Why holding cash is not an effective hedging strategy
December 23, 2019
When individual investors face uncertain future events, one common reaction is to start to hold greater amounts of cash. This is seen as a hedge against future uncertainty. An investor might sell gains, pay taxes and keep the residual in order to build cash reserves and build up a sense of security. Not only does this have immediate drawbacks like potential tax consequences, but over longer periods of time cash balances act as a drag on investment returns. Cash may feel safe, but the emotional benefit of holding cash comes at a high cost.
The cost of cash.
Consider the important concept of the time value of money. Simply put, cash in your hand today is worth more than the same amount of cash in the future. This is due to inflation and the opportunity cost of not being invested. If we assume inflation is low, at two percent, then $500,000 held in cash depreciates by $10,000 each year. And if we assume lost potential annual returns are equal to the rough average return for the S&P 500, eight percent; then $500,000 held in cash would fail to earn $40,000 in investment returns during year one. That $40,000, if reinvested, could earn an additional $3,200 the following year. And, given the assumptions we’ve outlined, over a five year period, the opportunity cost of sitting on the sidelines is over $234,000. To calculate your own opportunity cost, you can use this free compound interest calculator.
When and how to raise cash: There is a time and a place for holding cash, but cash is not a significant part of a sound long-term investment strategy. Loss limits are built into our equity investment strategy, so cash is raised if and when the loss on an individual position falls below a pre-determined level. Ideally, this creates short term losses which can be offset with long term gains to create net zero tax liability. This strategy means cash levels will naturally build in bad markets. We then reinvest the cash according to our investment principles. What we’ve just outlined amounts to cash being used strategically to mitigate the downside, especially during prolonged bear markets, and to minimize tax liability— we do not use cash as a hedge.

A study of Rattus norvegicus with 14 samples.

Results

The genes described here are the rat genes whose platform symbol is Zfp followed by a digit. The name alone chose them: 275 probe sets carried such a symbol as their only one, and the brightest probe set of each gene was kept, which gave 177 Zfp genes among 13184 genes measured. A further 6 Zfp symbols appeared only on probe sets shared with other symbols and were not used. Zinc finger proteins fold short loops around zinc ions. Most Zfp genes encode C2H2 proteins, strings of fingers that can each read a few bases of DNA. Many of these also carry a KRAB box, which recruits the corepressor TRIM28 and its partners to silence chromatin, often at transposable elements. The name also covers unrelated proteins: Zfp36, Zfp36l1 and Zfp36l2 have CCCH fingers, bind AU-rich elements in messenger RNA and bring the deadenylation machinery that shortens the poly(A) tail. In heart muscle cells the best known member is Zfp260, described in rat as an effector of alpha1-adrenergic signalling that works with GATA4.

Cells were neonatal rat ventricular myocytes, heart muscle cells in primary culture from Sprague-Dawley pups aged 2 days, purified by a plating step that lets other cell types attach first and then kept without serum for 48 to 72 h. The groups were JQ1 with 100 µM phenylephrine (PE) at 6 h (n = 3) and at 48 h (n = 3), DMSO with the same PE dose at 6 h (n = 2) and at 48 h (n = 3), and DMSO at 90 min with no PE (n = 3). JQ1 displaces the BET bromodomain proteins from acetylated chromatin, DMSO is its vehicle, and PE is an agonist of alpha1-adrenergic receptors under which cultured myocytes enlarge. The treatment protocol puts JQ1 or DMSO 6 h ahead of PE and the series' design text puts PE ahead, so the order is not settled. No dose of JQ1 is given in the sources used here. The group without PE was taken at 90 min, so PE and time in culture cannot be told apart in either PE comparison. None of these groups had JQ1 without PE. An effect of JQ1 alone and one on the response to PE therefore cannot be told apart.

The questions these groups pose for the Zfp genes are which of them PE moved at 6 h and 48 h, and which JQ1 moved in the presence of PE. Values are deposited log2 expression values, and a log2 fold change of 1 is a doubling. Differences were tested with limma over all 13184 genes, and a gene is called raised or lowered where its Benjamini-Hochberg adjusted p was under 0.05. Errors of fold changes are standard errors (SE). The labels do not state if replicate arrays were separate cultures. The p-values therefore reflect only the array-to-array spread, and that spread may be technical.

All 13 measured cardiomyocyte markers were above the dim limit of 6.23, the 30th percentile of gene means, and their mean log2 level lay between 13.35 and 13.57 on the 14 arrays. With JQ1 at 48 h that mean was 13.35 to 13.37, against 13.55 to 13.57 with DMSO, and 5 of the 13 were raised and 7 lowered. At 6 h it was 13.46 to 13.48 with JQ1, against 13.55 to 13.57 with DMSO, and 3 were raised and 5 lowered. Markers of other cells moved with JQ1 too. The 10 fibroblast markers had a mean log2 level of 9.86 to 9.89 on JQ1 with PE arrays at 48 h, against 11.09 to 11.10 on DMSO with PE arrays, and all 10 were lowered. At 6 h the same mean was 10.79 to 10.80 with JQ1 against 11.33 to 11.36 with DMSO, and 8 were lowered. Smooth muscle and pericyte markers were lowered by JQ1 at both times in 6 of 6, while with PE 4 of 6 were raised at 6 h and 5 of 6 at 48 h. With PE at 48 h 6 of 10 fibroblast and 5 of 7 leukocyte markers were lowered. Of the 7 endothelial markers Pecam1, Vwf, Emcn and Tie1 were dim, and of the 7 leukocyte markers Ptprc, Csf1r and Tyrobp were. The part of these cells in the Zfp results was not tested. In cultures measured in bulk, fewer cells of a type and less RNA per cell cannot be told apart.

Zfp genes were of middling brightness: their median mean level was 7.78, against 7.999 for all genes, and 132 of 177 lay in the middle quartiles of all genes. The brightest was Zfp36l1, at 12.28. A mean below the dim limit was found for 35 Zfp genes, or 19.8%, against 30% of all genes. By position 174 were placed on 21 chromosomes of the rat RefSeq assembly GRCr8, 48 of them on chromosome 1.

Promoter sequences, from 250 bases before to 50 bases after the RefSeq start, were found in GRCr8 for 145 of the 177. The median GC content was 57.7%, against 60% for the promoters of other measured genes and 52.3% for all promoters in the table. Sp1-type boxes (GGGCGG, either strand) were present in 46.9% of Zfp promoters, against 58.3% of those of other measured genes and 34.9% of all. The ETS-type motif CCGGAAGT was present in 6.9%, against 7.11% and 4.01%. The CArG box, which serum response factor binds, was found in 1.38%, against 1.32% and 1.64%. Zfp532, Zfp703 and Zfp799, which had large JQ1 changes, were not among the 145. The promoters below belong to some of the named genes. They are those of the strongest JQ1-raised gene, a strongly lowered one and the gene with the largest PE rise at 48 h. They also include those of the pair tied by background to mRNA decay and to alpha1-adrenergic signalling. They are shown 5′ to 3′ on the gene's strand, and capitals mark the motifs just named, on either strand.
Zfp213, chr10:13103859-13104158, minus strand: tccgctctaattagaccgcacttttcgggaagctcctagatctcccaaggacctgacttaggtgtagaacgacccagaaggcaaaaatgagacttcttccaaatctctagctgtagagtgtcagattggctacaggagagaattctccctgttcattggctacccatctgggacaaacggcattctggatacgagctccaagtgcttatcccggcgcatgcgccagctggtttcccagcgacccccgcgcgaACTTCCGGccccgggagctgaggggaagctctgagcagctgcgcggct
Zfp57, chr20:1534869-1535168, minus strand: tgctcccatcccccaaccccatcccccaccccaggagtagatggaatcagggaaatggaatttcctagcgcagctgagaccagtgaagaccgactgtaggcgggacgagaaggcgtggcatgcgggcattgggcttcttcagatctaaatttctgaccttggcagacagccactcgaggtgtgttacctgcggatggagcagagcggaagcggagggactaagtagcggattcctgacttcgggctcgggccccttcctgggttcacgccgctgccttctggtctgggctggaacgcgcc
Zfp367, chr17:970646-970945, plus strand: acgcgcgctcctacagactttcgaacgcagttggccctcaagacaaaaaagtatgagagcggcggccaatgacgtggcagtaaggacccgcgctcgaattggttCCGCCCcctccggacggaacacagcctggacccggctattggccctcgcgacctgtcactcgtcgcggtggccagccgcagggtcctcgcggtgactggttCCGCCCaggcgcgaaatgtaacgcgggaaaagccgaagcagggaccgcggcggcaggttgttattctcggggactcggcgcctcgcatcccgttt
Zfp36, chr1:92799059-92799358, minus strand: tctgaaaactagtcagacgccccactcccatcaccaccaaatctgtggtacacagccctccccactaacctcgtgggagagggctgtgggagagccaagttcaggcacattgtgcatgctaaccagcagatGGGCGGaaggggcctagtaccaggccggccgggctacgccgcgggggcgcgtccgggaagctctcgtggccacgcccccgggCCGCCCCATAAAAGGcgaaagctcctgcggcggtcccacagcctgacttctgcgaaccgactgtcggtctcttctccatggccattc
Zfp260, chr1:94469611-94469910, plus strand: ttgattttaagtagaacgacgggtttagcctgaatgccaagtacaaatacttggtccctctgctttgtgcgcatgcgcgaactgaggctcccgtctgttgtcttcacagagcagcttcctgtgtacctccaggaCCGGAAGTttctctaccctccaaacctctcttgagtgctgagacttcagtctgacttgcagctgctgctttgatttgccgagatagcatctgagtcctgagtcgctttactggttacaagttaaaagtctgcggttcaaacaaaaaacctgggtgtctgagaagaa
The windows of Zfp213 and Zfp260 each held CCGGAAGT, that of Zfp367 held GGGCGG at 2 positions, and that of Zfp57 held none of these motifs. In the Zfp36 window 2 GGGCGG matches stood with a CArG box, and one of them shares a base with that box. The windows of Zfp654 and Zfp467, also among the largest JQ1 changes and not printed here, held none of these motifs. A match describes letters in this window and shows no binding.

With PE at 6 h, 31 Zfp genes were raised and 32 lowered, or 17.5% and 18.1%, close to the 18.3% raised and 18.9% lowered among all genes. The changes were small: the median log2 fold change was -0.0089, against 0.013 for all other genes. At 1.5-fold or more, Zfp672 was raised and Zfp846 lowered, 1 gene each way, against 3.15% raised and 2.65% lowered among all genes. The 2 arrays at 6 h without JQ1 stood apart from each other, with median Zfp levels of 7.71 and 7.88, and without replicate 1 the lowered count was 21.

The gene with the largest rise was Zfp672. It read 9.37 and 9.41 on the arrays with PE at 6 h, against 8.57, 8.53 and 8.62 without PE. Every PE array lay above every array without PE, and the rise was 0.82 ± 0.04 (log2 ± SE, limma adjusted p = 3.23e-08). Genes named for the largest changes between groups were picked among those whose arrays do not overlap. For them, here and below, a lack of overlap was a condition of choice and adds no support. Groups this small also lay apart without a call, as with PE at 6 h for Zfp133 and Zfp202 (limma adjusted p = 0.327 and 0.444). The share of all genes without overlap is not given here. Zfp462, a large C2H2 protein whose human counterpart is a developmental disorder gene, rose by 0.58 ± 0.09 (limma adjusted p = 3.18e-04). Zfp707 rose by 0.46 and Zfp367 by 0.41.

An alternative hedging strategy for sophisticated investors.
To hedge against the uncertain outcome of future events, it may be more efficient and beneficial to consider an option collar instead. When executed correctly, an option collar (a long put and short call contract) can provide downside protection over a stated period with little to no economic cost and sometimes even providing investors with a small net credit. For a primer on options, we like Investopedia’s guide.
Consider the following example, if an investor owned 500 shares of a stock currently priced at $62, they could hedge against the downside in the following way: If the investor were to sell calls on the position for a credit of $1,250 and buy puts for a debit of ($1,000), he or she would net a credit of $250. In this example we are selling a call, so we have sold another investor the right to buy stock away from us at $70. We are also buying a put, which means if the stock falls to $50 we can sell at that limit. This is how we constrain both the upside and downside in a narrow band, hedging against uncertainty and effectively making it less risky to hold the underlying stock. In our example, in addition to providing protection the option collar generates a small net credit of $250.
While the emergence of a more progressive Democrat nominee this spring could result in a larger uncertainty discount on the forward market multiple, such an event is unlikely to create immediate downside risk for the SPX. We expect an uncertainty discount regardless of the nominees involved, but the discount will be applied more gradually in the event of a more centrist Democrat nominee. So gradual, that the discount may be unrecognizable in real-time but uncomfortable enough over time for some investors to perceive increased risk ahead.
The outcome of the November election may be a reason to hold more cash, but it’s important to understand that investors are presently only faced with the uncertainty of an outcome. And if you’re worried about the actual election results adversely impacting your investment portfolio holding cash isn’t the only way to hedge. You could also consider suitable no cost hedging strategies.
At Jackson Square Capital, we have the ability to protect appreciated positions using options collars and also work with clients to determine when to use options strategies as a hedge ahead of binary events like those mentioned above.
If you’re interested in learning more, please reach out to schedule a convenient time for a free consultation.